CANAPE (Creating a New Approach to Peatland Ecosystems) (2017 - 2022) was a European funded Interreg North Sea Region project which delivered peatland restoration; developed new peatland products and created economic benefits.
Globally, drained peatlands are responsible for 5 % of all man-made greenhouse gas emissions. However undrained peatlands capture carbon from the air, helping the fight against the climate emergency. Broads peatland, fen and reedbed are also wildlife hotspots, supporting a quarter of the UK’s rare species, which helps attract over 7 million visitors each year, supporting the local economy.
The CANAPE project aims were to create resilient ecosystems where the management can be sustained long into the future and is underpinned by the use of renewable resources, such as reed biomass or lake sediment to build economic, natural and social capital. The project partnership included public, private and voluntary sector organisations based in the United Kingdom, Denmark, Germany, Belgium and the Netherlands.
Peatland ecosystems require costly management, which is why CANAPE helped to fund the restoration of healthy reed margins to benefit wildlife and people in the UK. One of the key sites of the project was at Hickling Broad SSSI, where we re-used dredged sediment from the boating channel to create new reedbeds at 'Chara Bay'.
CANAPE also worked on fen vegetation (also known as biomass) which needed removing from sites. Biomass removal can result in a financial cost, or add carbon to the air if it is burnt. Leaving biomass on-site ruins the future crop of fen and reed and causes waste. We trialled the creation of Charcoal from waste wood from wetlands, and also biochar from reed.
Last but not least, we created an innovative wetland farm. This was built on a historically drained fen, used as a grazing marsh. This project created 5 polders to trial the commercial farming of Typha (cattail or Reedmace) and Reed. For more information about this project see our video explainer here.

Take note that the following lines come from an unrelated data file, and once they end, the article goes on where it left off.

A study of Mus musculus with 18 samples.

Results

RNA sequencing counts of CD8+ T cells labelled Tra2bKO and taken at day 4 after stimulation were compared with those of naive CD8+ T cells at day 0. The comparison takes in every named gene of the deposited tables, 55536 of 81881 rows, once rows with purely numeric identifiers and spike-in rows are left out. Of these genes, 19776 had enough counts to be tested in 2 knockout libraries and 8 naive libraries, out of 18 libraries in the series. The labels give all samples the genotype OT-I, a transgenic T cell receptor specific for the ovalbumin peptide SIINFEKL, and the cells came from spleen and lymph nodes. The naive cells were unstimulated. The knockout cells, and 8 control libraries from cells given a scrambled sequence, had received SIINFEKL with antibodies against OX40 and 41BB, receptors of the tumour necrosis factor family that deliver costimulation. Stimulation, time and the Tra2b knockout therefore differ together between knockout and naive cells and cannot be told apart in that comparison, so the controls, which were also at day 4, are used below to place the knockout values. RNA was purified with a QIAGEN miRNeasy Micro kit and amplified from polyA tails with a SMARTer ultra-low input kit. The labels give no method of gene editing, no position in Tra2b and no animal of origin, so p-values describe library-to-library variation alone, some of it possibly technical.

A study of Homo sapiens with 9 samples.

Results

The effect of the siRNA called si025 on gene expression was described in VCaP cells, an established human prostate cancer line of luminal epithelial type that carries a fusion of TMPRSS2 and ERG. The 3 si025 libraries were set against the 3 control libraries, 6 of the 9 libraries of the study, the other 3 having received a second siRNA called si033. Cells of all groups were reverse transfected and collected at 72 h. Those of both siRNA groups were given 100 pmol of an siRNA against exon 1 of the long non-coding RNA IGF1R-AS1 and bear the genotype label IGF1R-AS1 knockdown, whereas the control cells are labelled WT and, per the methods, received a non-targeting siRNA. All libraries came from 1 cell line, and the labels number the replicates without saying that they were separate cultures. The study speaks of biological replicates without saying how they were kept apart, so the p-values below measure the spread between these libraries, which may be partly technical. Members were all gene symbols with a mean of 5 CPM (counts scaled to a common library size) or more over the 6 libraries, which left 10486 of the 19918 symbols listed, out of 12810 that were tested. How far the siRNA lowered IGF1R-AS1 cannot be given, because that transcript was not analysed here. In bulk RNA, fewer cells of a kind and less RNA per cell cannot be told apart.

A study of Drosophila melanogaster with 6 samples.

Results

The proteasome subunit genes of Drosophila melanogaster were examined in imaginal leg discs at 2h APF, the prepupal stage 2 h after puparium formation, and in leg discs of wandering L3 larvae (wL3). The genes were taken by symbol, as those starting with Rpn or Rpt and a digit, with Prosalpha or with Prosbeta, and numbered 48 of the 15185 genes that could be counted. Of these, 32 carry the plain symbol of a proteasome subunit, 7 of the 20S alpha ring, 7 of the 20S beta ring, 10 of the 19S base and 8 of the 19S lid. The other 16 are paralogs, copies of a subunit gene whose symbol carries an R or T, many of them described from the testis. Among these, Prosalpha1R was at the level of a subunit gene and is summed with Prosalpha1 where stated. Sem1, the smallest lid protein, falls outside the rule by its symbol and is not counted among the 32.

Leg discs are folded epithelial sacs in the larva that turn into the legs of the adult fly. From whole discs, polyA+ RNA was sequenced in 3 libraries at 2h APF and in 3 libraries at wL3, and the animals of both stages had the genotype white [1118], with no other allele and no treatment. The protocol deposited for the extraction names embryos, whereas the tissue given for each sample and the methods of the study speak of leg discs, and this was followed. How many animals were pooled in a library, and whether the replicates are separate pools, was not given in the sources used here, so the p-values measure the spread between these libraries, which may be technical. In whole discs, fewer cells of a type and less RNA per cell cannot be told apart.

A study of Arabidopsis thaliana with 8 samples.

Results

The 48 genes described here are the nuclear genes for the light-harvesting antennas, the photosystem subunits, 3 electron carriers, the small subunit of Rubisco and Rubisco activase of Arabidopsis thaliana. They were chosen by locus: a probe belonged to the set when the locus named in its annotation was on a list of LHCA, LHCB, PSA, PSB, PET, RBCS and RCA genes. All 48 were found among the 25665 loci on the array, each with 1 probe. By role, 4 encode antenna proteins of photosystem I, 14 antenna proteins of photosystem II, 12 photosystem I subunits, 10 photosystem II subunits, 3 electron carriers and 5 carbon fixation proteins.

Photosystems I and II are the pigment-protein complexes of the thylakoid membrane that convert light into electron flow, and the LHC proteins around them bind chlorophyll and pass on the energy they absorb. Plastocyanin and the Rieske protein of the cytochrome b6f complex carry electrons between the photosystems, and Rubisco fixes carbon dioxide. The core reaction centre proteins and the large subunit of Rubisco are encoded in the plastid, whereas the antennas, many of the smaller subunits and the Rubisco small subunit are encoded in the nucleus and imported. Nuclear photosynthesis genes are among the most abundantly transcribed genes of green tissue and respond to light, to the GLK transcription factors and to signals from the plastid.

CANAPE also aimed to raise awareness of the importance of peatlands in the Broads, the existing products they create, such as reed and sedge for thatching, and new products including bioenergy, charcoal and compost soil improvers. Peat coring with school students and members of the public gave hundreds of people a hands on experience on how peatlands work and why they are important.
Peat carbon mapping
The Broads Authority assessed carbon stocks and greenhouse gas emissions from the Broads National Park. A map with the best estimates of peat stores was created, working in partnership with a team of researchers from Queen Mary University of London and Cranfield University.
The Broads Authority aims to use this information to support landowners in accessing future payments to create nature-based solutions to capturing and storing carbon in vegetation and wetland soils.
The map is available here.
Summary of the UK project outcomes:
- Demonstrate best practice and enhance biodiversity through:
- Recreated healthy reed margins, by reusing sediment from boat channel maintenance, to benefit wildlife and people using Hickling Broad.
- Trials of charcoal products made from conservation waste
- Built a pilot wetland farm.
- Developed expertise, raise awareness and create networks to help understand lake ecosystems and investigate the potential markets for locally created materials from wetland sites.
CANAPE built on existing work including reusing sediment from dredging in PRISMA (2011-2014), development of the UK’s first New Wetland Harvest LIFE (1997-2000), Wetland Conservation Biomass to Bioenergy DECC (2015-2016) and working with Reed and Sedge Cutting Industry to identify new opportunities.